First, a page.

Being able to pick a preset temperature from within the app is a handy feature. Granted, if you're simply doing a temperature check outside of the oven, it's not difficult to look up a doneness target for a particular kind of meat on your phone and manually sort it out using a cheaper digital or dial meat thermometer.
But the real value comes from being able to stick the probe into a raw roast or hunk of meat before it hits the oven or pan, leave the kitchen entirely, and be alerted when your protein matches the desired preset temperature. Cooking pork has long been a struggle for me--it tends to be either too pink or overdone, rarely just right--but with the Kitchen Thermometer Mini, I was able to get a heads-up on my iPhone right when it hit the needed temperature and pull out the butterflied chops in time. That's a huge help.
Range can be an issue, however. iDevices pegs the Bluetooth connectivity range at up to 150 feet between your iPhone and the thermometer, but in my apartment, I could only get about 30 feet away before the connection failed--which meant my living room was out-of-bounds if I wanted a timely alert. Your mileage will vary based on your space, but that was a disappointing twist in my space.
After using the Kitchen Thermometer Mini for the first time, a few days passed until I needed it again--to check the temperature of a roast that had just slow-cooked for eight hours. At that point, I pulled out the thermometer, pressed the button, and... nothing. It was dead. A replacement disc battery brought it back to life, but why would the device kick the bucket after a single, brief use? A bum starter battery?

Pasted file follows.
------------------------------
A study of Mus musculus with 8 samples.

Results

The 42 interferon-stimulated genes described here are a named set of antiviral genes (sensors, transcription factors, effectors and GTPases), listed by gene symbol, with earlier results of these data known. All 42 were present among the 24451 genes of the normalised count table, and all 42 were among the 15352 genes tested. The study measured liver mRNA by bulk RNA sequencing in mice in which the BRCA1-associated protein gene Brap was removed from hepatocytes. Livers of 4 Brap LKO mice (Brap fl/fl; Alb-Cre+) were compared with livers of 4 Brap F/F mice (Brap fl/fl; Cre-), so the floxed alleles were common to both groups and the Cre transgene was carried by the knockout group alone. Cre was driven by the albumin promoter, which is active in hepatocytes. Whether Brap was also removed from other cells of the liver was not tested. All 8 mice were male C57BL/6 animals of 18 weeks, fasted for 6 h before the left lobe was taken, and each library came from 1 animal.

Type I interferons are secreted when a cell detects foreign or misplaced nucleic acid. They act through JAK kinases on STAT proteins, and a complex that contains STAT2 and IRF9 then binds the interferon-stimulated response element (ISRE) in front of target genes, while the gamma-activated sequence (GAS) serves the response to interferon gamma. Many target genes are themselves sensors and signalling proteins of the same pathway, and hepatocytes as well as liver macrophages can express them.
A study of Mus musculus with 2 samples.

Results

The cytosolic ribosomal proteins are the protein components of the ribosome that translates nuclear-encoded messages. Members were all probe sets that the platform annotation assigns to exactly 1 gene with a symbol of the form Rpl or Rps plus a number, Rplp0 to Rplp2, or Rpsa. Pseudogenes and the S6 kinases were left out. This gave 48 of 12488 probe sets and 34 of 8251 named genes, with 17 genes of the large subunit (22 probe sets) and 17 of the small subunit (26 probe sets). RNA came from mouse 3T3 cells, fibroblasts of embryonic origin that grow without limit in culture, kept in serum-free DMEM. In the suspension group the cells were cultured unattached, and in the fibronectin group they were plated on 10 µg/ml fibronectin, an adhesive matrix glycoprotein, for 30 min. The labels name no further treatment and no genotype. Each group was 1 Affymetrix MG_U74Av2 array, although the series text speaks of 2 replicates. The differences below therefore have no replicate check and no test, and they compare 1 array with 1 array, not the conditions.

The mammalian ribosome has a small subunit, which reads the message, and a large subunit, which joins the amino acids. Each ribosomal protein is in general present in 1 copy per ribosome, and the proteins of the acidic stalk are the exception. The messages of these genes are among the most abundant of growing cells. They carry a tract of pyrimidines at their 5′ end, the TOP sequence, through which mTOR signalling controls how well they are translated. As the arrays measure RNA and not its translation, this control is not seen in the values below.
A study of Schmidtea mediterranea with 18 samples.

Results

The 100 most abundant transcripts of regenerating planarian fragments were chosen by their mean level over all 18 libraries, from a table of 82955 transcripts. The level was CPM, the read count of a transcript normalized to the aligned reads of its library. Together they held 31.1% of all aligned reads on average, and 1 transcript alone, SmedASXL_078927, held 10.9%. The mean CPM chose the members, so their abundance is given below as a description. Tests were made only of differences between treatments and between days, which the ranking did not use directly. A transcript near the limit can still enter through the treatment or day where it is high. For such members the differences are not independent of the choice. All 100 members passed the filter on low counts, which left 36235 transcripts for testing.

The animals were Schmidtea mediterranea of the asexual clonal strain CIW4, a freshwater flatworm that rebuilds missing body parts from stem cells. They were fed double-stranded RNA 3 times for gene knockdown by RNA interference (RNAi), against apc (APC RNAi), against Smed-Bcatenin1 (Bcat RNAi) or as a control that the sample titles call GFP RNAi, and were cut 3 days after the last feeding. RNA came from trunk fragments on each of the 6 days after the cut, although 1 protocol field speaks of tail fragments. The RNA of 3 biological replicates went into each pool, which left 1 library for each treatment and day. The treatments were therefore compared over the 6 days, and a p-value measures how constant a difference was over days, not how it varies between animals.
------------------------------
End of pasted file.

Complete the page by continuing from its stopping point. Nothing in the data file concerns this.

Instead, it seems that the Mini's faulty auto-shut off function is to blame. Namely, it doesn't work at all. You can turn the Mini off manually by pressing the button in for three seconds, but if you don't do so, it will continuously attempt to pair until the battery dies. What it's supposed to do is shut down after five minutes if it's not paired and the probe isn't attached, or turn off after an oddly overlong eight hours if the probe remains plugged in but it's still not paired to a device.
Instead, what it does is cycle endlessly through the pairing prompt, sending you to pick up a $5 battery for its miscue. Even a $10 Weber digital meat thermometer is designed to turn off after 15 minutes of inactivity, but this $40 smart option can't muster that. Replicating the issue, I left it on overnight with no probe attached and no connection to my iPhone, and it was still pulsing 12-plus hours later. Connected devices should make things easier and more convenient for users, not add an extra layer of hassle to the experience--and at a premium, to boot.